From the Watauga Democrat, Boone, Thursday, March 26, 1914 issue
State Department of Education Press Service
A woman rural school supervisor to supplement the work of the county superintendent of public instruction is the latest advance in rural education in the state. Such supervision is doing the most successful work in McDowell county, developing a few demonstration schools to show what kind of work can be done in elementary schools having efficient supervision. Five other counties now have women rural school supervisors assisting the county superintendent in a similar way.
The plan was first projected and worked out by L.C. Brogden, state supervisor of rural elementary schools, in conjunction with the Southern Education Board and the State Department of Education. Its adoption in McDowell was secured and it is working so well there that it is hoped that little difficulty will be experienced in having other counties adopt it.
Instead of scattering her efforts over the entire county, the McDowell supervisor this year is devoting her time to 10 schools, seeking to make them demonstration schools to show how the country schools can be made to train for practical rural living when they have proper teaching and proper supervision. Under her direction, and with the co-operation of the teachers in these schools and the superindendent, approximately 200 boys have been studying practical agriculture, while 100 girls have been doing definite and practical work in sewing. This kind of work has been done before in the high schools, but it is a new thing for the elementary schools.
Besides giving the children an exceptionally efficient elementary training, this plan is having an effect on the community. The people of Ashford, one of the communities in which this plan has worked well, have petitioned to raise the local tax from 20 to 30 cents, in order to add a room to their two-teacher school of the three-teacher type. They also intend to build a permanent home for their male principal, so as to secure his services for the community for the entire year, instead of for only six or seven months.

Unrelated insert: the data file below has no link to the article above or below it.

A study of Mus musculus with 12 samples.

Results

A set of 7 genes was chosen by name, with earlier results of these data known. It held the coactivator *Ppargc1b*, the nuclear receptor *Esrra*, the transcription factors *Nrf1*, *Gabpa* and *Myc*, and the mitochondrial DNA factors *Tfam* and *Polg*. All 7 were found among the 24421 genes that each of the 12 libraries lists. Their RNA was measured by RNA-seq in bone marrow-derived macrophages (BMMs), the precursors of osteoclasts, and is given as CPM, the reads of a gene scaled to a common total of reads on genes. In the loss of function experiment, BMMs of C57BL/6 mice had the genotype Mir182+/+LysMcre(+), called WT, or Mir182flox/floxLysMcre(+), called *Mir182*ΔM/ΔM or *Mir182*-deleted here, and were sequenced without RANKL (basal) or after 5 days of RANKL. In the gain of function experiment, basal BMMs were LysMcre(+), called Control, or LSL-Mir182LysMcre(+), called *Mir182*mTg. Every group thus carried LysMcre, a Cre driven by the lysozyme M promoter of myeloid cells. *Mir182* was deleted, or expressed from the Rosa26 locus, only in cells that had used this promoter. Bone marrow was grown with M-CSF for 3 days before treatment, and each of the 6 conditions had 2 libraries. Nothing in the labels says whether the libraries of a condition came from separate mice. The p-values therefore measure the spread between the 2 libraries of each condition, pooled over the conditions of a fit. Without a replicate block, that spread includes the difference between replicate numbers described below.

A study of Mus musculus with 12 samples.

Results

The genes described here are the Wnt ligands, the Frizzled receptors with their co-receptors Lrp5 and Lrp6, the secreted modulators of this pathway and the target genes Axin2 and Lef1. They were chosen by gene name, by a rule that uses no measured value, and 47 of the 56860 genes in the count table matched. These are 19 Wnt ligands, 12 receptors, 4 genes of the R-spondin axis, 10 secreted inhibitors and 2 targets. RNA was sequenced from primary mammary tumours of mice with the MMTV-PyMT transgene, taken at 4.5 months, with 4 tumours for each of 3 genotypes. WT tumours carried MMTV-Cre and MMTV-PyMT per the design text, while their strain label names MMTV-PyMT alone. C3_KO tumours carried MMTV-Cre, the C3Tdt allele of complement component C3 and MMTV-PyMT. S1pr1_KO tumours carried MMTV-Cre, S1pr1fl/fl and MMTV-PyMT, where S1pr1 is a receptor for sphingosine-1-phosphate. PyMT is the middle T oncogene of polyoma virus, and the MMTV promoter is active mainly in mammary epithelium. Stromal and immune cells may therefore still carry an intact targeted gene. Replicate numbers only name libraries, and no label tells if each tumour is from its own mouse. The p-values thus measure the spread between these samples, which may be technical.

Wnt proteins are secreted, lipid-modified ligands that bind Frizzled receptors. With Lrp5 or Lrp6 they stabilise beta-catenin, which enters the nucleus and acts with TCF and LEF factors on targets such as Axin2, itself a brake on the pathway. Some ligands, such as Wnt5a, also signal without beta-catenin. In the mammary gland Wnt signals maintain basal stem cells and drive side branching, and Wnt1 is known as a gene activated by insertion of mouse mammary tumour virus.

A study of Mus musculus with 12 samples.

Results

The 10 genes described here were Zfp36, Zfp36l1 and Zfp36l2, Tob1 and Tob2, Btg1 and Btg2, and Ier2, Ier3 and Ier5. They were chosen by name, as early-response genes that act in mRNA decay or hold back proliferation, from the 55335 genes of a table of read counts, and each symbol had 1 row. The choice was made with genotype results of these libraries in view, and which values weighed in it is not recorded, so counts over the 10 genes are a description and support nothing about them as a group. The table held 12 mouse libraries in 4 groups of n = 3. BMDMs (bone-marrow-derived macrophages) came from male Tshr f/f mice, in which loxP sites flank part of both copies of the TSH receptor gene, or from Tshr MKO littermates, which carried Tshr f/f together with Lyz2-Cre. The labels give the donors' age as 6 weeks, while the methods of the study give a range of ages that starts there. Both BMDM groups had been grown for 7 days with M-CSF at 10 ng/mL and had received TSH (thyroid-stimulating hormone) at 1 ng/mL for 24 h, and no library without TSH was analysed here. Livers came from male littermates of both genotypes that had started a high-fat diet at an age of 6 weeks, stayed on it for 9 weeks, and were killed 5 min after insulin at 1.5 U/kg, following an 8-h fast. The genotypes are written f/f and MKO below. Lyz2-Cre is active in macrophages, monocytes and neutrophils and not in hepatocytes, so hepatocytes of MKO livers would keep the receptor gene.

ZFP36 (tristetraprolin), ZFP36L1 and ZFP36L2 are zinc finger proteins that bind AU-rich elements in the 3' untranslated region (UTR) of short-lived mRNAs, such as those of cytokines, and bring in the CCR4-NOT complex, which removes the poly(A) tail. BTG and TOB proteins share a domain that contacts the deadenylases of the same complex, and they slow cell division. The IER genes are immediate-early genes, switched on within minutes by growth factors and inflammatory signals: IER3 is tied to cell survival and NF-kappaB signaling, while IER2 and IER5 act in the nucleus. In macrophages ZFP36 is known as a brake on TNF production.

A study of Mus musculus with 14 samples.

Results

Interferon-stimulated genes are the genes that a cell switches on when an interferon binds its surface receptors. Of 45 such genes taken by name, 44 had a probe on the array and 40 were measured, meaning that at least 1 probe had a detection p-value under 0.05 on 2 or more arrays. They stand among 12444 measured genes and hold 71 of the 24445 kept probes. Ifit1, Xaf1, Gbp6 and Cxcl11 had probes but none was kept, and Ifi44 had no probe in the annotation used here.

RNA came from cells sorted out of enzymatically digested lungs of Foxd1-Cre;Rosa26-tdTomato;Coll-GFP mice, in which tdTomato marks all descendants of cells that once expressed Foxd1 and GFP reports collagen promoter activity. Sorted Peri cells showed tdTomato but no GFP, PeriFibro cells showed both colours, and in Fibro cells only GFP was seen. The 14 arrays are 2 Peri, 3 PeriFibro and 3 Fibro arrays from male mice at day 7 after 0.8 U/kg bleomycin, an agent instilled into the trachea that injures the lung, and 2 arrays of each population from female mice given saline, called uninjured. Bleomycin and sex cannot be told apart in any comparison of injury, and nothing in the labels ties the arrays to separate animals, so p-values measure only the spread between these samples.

More than this, the plan is having a striking effect on the rural teachers. Made to realize their deficiency by the skilled supervision which they have had, many of them, now that the rural term is over, are taking practical teacher training courses of six weeks at the Nebo State High School. Here they study methods and practice teaching under the skilled teachers of the high school and under the supervisor, not only receiving instruction in the most advanced primary methods but observing the work in the high school classrooms.
The supervisor uses one of the rooms in the high school building as a model to show the student-teachers how to make the little one-room country school attractive, comfortable and more homelike. The lectures and classroom observations are followed by carefully planned conference in which the student-teachers are questioned on the most vital things observed in the recitation.
It is a part of the plan of the State Department of Education to establish in connection with the best state rural high school or farm-like school in each county similar to short teacher-training courses, the average rural elementary school more practical and efficient.